Prospering in the housing bust

William Rivas welds panel clips at Turnberry Place in Las Vegas earlier this year. The skyrocketing costs of materials and labor have toppled some high-profile luxury condominium projects, turning the market skittish. Jae C. Hong / AP file
/ Source: Forbes

Gillette Edmunds has made good money in real estate — by knowing when to sell. Edmunds owned six investment properties: single-family homes in southeast Denver he'd purchased for around $70,000 apiece. He was leasing out the houses for an average of $700 a month, amply covering mortgage payments, property taxes and maintenance costs. Then the Denver residential market seemed to get too frothy, and before something bad happened, he dumped the homes for two or three times what he'd paid eight years before. Edmunds, who has retained his personal residence, reinvested the profits in real estate investment trusts. And indeed, the Denver market began to slide.

Brilliant timing now that everyone is talking about a housing bust, right? Well, he bailed out of housing in 2001 and 2002, when it was roaring elsewhere, particularly on the coasts. Look at Denver's early dip as a precursor of what seems finally to be occurring in those other markets. Denver's housing sector dropped early because the telecom industry fell apart.

Sure, sure, all real estate is local, and not every place goes down at once. Timing in markets is more art than science and can fool even the pros. Diane Saatchi, a leading real estate broker in New York's high-tone Hamptons, figured the market there was near peaking — two years ago. She sold three modest rental properties for a combined $2 million, nearly three times what she'd paid ten years before. Alas, the Hamptons market then rose another 20 percent in value, though now it finally is weakening. Quoting 1920s tycoon Bernard Baruch, Saatchi says: “I made my money by selling too early.”

So this time it seems real. Evidence abounds that the national housing craze is nearly over: higher mortgage rates (6.2 percent on a 30-year fixed loan, up a percentage point from a year earlier), slumping orders for homebuilders, rising inventories of unsold units, like Miami's glut of empty condo projects.

The National Association of Realtors is projecting that prices around the country will rise only 5.7 percent this year, far down from the 12.5 percent gained in 2005 — and the Realtors are just about the only commentators putting out bullish forecasts. This may portend a market where prices collapse, plateau or merely descend a few notches. What's clear is values won't advance at a double-digit clip anymore.

Regardless, like Edmunds, you can prosper in such a world. But it will take some work and some know-how.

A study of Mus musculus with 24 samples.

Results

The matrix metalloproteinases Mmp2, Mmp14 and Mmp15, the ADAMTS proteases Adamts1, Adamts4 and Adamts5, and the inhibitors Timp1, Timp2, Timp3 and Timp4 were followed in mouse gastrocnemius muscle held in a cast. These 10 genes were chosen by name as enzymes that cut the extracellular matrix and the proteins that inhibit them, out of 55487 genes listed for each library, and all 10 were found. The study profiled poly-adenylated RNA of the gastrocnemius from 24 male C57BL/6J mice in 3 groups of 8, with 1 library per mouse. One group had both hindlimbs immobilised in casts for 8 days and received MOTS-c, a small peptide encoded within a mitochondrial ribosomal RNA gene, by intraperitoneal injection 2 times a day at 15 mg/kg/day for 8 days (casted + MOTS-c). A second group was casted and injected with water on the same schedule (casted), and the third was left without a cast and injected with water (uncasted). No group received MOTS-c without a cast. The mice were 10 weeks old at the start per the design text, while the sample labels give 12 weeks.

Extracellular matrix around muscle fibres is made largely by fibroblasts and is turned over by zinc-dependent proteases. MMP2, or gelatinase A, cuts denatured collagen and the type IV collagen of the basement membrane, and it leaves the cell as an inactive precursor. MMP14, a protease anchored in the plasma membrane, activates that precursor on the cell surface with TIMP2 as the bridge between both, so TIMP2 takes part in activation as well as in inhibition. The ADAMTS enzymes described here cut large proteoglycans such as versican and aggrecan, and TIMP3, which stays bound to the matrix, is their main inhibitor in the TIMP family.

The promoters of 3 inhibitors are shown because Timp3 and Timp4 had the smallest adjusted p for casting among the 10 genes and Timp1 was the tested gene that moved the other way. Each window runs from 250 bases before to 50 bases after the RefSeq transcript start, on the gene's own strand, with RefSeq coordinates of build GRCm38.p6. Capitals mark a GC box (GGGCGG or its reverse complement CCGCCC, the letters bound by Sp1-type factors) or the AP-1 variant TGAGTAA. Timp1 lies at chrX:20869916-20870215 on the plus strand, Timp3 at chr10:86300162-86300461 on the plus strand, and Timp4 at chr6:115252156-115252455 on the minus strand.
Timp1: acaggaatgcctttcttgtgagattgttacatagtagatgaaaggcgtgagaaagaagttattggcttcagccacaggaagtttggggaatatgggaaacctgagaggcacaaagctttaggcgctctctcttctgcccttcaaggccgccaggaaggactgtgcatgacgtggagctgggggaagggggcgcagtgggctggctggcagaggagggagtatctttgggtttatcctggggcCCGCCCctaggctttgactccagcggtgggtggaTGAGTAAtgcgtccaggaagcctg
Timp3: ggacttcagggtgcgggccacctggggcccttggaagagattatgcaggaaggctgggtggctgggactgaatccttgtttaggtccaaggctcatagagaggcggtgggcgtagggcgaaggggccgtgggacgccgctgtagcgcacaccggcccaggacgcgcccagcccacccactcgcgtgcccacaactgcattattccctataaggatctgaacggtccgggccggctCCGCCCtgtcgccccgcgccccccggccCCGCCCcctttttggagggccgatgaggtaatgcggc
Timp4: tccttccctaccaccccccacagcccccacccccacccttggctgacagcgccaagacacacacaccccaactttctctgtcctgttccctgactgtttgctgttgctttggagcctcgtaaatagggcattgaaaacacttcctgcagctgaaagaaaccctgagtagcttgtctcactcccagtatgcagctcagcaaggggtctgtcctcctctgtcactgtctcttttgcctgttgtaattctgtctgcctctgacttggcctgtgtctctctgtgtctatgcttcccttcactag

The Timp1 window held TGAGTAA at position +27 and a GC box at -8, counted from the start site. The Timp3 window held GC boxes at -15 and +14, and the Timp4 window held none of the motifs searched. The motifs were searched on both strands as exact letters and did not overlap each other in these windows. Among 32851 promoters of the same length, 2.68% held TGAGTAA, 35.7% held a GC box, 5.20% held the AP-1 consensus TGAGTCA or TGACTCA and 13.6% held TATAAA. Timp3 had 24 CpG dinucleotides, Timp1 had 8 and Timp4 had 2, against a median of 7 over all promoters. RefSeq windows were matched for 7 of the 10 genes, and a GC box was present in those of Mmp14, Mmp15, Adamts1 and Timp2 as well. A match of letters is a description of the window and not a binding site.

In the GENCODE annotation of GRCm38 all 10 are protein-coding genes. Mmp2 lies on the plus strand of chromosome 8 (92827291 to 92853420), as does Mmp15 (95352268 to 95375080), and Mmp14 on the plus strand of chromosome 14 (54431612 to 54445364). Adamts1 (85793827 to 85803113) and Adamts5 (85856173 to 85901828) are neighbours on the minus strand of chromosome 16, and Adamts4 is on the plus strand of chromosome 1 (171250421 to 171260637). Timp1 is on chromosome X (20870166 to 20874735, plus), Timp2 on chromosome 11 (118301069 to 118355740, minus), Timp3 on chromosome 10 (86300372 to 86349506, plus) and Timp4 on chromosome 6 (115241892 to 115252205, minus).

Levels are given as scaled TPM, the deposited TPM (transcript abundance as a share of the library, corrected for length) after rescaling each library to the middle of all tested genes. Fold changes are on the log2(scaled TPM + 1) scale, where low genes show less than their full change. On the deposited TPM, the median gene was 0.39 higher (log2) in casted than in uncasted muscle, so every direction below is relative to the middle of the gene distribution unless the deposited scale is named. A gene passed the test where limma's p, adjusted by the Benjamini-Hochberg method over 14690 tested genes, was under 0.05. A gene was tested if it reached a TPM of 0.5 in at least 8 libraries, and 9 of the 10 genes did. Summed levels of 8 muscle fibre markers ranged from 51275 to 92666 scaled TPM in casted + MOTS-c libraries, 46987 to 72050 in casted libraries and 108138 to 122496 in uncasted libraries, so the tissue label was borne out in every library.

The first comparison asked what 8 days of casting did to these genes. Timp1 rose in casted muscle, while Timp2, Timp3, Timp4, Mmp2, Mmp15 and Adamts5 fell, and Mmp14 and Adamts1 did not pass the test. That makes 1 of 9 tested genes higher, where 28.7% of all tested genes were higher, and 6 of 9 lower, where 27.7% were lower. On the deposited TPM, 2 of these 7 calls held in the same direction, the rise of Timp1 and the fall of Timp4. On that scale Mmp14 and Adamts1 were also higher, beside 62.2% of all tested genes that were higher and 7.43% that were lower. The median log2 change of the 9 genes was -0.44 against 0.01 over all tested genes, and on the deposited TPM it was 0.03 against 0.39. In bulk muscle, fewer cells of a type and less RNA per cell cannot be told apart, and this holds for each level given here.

As a first step, figure out how much investment reward a property is generating compared to other properties, and also versus other types of investments. That involves calculating what's called a “capitalization rate.”

To get a house's cap rate, compute the net rental income. This is what's left of the rent after operating expenses like property taxes, insurance, utilities, maintenance and rental agent's fee. Divide this sum by the property's market value. This percentage return corresponds to the coupon on a bond or the earnings yield on a stock (a stock trading at 20 times earnings has an earnings yield of 5 percent). To simplify: You should sell when the cap rate is low.

The right time to take profits may be never, if it's a beloved primary residence. But if you're into the real estate solely for the money, bail out when the cap rate dips below the rate of return offered by competing investments.

No competing investment is entirely comparable — any investment has advantages and disadvantages peculiar to it. But it's worth starting with a comparison to the yield to maturity available on Treasury notes. The ten-year Treasury yields 5.2 percent. Disadvantages of Treasury: no inflation protection, high taxes. Advantage: extremely high liquidity.

The stock market these days has an earnings yield of 5.6 percent (S&P 500 earnings divided by index value). Stock liquidity is high. Tax treatment is roughly as good as that on rental real estate. Stock dividends and long-term capital gains are taxed (for the moment) at 15 percent. Net rental income is ordinary income taxed at up to 35 percent, but in computing the net you can write off depreciation. The effect is something like the break on dividends.

Now here's the unavoidable fact about real estate, especially residential: In almost any hot market, its cap rate is low. Suppose you wanted to rent the 940-square-foot bungalow at 1149 Grant Avenue in Venice, Calif. Since L.A. rentals are plentiful, this tiny house will gross only $2,200 a month, or perhaps $1,450 after operating expenses. Built in 1940, the house has two bedrooms, one full bathroom and a narrow kitchen. Elsewhere this would be a slightly shabby starter home.

But the famous surfing scene at Venice Beach is a mile away, so the market value of this house is $730,000. This makes for a slim cap rate of 2.4% — measly, but about par for Los Angeles. "Rents are nowhere near where they'd have to be to provide adequate income for a new buyer," says Bruce Huntley, who manages 1,500 apartments in the area. Prices in Venice are up threefold since 2001, while rents have only edged up with inflation. Sell and put the money into stocks and bonds.